The picture on the cover of This Is Just Exactly Like You (Viking, $25.95, 352 p.) is of a suburban back yard, where what looks like a five-foot-high statue of an upright chipmunk (or is it a gopher?) stands dead center at the end of a cement pathway that ends in an arrow. It has the cheerful inscrutability of a found photo, and undoubtedly makes sense only to the person who lost it.
Greensboro, North Carolina, native Drew Perry offers a possible interpretation in his deadpan, uproariously funny first novel about a young couple whose marriage has collapsed. Whether it’s because of a kitchen remodel gone bad, or the fallout from dealing with their autistic child, husband and father Jack Lang is on a mission: There’s something out there that will fix things, but only he will know what it is, and he won’t recognize it until he sees it.
Along for the ride are Jack’s two employees: the beer-guzzling Butner, who runs Jack’s company, Patriot Tree & Mulch; and Ernesto, a nurseryman who can “bring anything back to life.” After Jack’s wife, Beth, leaves him, they agreeably default to “Big Lebowski”-style babysitters for six-year-old Hendrick, who communicates through a litany of televised weather reports and commercials for life insurance and used-car lots.
Beth has pursued every possible channel with Hendrick—therapy, medication, diet, an exhausting daily routine of safety and preventative measures. She and Jack have read all the books and sought advice from countless “Beanbags,” his name for the experts that decide where Hendrick falls “on the spectrum” of autism.
Maybe because he shares some of Hendrick’s eccentric tendencies, Jack’s okay with his son the way he is. “It’s what surprised him the most—not the overpowering love all the books required that he feel for his child—just that he simply liked being around him.” For Jack, Hendrick’s behavior and the information he shares has rhythms. It’s a kind of language Jack can learn, if he pays attention.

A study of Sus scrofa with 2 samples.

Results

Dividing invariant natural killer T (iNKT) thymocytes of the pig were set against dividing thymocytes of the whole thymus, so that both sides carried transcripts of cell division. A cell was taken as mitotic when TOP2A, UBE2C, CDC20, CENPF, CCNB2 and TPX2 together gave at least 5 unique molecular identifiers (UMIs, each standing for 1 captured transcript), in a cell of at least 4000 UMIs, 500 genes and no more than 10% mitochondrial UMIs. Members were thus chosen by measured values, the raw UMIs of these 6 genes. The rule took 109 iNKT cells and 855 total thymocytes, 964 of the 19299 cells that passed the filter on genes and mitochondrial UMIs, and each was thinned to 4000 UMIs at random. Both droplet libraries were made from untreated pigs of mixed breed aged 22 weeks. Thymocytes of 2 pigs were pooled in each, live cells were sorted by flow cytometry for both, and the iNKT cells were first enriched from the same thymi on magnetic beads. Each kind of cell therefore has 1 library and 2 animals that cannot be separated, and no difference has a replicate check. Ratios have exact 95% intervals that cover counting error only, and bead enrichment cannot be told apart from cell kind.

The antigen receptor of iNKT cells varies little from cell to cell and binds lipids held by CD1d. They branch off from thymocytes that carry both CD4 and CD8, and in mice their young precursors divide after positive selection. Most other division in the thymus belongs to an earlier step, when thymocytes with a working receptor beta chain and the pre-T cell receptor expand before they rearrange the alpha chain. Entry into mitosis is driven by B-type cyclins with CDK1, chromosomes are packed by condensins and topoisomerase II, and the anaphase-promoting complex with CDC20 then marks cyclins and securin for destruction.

Unfortunately, Beth doesn’t get it. Her despair that Hendrick “can’t be unlocked” underlies the numbing caregiving routine the couple has developed for Hendrick—“a parallel universe” that feels increasingly alien to Jack. He rebels by bungling their kitchen remodel big-time, leaving Beth to cope with the wreckage, and to top things off, he buys the house across the street to flip, knowing he’s pushing her, and he’s not surprised when she walks out. What he didn’t expect was that she’d move in with his best friend, Canavan.
In a wry twist on parallel universes, Jack moves into his second house with Hendrick, arranging the furniture to reproduce the one they just left. Next, he adds Canavan’s ex-girlfriend Rena to his mission, a snarky, appealing muse who so wholeheartedly approves of his “big, stupid plans” that she even scares Jack.
In Jack’s wildest dreams, he couldn’t have imagined what comes next, which is that Hendrick casually starts speaking fluent Spanish, courtesy of Ernesto.
Now anything is possible, and when Jack visits a neglected Putt Putt course populated by giant undersea creatures, he stumbles onto the heart of what he instantly knows he’s been looking for: “There’s something here, finally, that seems correct. Broken, but correct.”
What he’ll do with an eight-foot-high catfish “with an eye patch, smoking a cigarette,” and the rest of the fiberglass statues, he’s not quite sure. It has something to do with Hendrick, who’s never expressed a shred of interest in the sea or anything that lives in it. But Jack has a hunch.
How this all pans out is where a lesser writer might crash to earth, staggering under a load of postmodern symbols and the kind of over-the-top action that if made into a movie, might star Ben Stiller. Perry, however, never loses his footing. Similarly, Jack tells himself that against all odds, his vision could work, that all he needs is “a patron saint of lost causes, or damaged ones.” He believes Hendrick might be that benevolent presence.
With this charming, darkly funny story about “the beautiful kind of too much,” Perry asks where we draw the line between good crazy and bad crazy, between normal and abnormal, and what happens if we don’t fit on the spectrum, and why that’s okay. As Jack says of his son, “there’s something a little joyous, alongside all the disaster, about living with Hendrick. Some feeling he gets about being in better or closer contact with the things we need, the things we want.”
Maybe we need to be just exactly like that.
(A version of this review ran in the Atlanta Journal-Constitution on July 11 2010.)